As financial stress mounts, so does the desire for all kinds of foods, according to a study that hints the COVID-19 pandemic will increase obesity rates, especially among those who have lost their jobs.
University of Alberta consumer psychology researcher Jim Swaffield and his co-researcher Qi Guo conducted an experiment with 564 participants to examine the relationship between environmental stressors and the desire to eat.
Participants were shown images of 30 food items and were asked to rate how much they desired each item. The participants were then asked to read one of six scenarios that described someone’s current living conditions.
Each story featured someone living in either “safe” or “harsh” conditions, and revolved around a situation involving social support, economic prospects or physical safety. After reading the story, participants were again asked to rate how desirable each food item was.
What the pair found was that as financial stress increases, the desire to eat also increases.
Swaffield explained that when we are stressed, our bodies produce cortisol, a stress hormone. Cortisol triggers the pumping of blood to the large muscles in preparation for a fight-or-flight response. Under stress, bodies send a signal to eat more and fuel up.
“This is an evolved response,” he said. “In harsh conditions there is generally a food shortage. Both animals and humans unconsciously sense or pick up cues from the environment that tell them their conditions are worsening.”
In response to these cues, Swaffied said many animals experience an unconscious drive to overeat, building an inventory of food in our bodies, like a bear does before it goes into hibernation.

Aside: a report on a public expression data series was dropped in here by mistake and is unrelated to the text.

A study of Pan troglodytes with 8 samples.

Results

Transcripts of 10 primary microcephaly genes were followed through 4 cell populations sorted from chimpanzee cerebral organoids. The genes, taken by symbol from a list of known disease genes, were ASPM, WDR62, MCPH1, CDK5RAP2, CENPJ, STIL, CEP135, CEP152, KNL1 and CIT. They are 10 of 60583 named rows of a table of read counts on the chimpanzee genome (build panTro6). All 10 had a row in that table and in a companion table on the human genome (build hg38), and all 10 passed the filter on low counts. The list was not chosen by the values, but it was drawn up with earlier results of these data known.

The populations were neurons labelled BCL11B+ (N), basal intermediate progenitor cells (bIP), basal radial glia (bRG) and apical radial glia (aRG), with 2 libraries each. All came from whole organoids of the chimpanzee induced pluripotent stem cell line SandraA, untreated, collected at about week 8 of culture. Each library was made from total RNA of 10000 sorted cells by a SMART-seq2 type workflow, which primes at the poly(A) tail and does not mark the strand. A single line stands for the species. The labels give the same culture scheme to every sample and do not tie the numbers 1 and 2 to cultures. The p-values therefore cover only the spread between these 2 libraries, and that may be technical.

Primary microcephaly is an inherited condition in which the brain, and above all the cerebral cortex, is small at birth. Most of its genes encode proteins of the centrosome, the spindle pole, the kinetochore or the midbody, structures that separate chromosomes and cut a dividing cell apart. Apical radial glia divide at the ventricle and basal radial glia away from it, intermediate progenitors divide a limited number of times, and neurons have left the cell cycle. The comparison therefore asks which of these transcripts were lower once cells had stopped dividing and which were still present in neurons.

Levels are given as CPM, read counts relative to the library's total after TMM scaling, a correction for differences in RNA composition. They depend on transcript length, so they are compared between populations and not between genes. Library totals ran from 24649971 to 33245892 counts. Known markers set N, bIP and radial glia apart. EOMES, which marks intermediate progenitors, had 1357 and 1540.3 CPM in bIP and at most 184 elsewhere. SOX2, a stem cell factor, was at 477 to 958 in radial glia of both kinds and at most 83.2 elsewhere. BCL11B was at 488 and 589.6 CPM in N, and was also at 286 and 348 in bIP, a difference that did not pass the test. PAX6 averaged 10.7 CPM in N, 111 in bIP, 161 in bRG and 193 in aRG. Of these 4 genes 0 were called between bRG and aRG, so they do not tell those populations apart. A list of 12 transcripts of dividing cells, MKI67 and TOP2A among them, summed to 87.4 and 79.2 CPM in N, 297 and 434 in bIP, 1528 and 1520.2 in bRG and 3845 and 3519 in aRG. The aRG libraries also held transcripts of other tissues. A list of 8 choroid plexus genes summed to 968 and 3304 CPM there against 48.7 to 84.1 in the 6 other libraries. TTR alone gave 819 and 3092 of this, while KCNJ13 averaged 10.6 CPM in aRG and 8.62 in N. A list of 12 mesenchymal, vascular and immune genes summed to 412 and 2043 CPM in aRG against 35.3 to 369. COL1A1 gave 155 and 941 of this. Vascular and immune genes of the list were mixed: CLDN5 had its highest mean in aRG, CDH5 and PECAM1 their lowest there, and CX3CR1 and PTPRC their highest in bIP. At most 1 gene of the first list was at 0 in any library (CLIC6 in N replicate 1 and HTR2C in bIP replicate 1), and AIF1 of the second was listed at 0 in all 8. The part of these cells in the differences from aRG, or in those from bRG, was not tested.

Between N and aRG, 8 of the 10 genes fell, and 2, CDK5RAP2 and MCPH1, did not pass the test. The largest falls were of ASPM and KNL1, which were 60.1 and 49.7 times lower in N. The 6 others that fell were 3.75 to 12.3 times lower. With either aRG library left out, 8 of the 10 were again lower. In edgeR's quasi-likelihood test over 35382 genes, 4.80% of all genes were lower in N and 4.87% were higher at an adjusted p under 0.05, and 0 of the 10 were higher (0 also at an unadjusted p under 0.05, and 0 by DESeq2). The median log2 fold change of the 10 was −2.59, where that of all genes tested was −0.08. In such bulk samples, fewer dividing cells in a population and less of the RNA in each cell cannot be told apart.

“Think about how people responded when the COVID crisis first happened,” he said. “People squirrelled away food because they thought the environment was becoming harsher.”
The researchers also looked at the impact of stress associated with poor social support networks and concerns about physical safety. They discovered that poor support networks and concerns with physical safety actually decreased appetite.
Swaffield suggested this decrease in appetite when there are concerns for physical safety may be adaptive because it enables the individual to stay focused on reducing the threat rather than acquiring food.
He suggested those who are the most militant about keeping social distance and wearing masks are the most likely to feel physically threatened by the virus and the people around them. This may magnify their social isolation, thus creating social stress for them, too.
Swaffield also noted the breakdown of social networks may be hardest on those with an extroverted personality.
“Extroverts need social stimulation. Otherwise, this creates cabin fever and frustration, just like a wild animal that gets locked in a cage,” he said. “This too could lead to anxiety and a lack of appetite.”
And while seeking out high-calorie foods can be a good thing in times of scarcity, Swaffield said our instinctual drives need to be managed if we want to prevent excessive weight gain during the pandemic-induced financial crisis.
To this end, he said managing consumption begins at the grocery store, where we need to avoid the temptation of buying foods that are hard to resist.
As well, pre-planned meals are a good way to avoid fast food.
“When we’re tired, we don’t feel like making a meal. This is also the time when we’re the most likely to give into our temptations and snack,” he said. “If we prepare and store some healthy meals, when we are feeling stressed, they will be all ready to go.”
Swaffield also suggested writing down everything you eat.
“We have a propensity to underestimate how much we eat in a day. Keeping a log of what we eat can help us regulate our energy intake,” he said.
“We should also remember that things will eventually be back to normal. As the old saying goes, ‘This too shall pass.’”
| By Michael Brown
This article was submitted by the University of Alberta’s online publication Folio, a Troy Media content provider partner.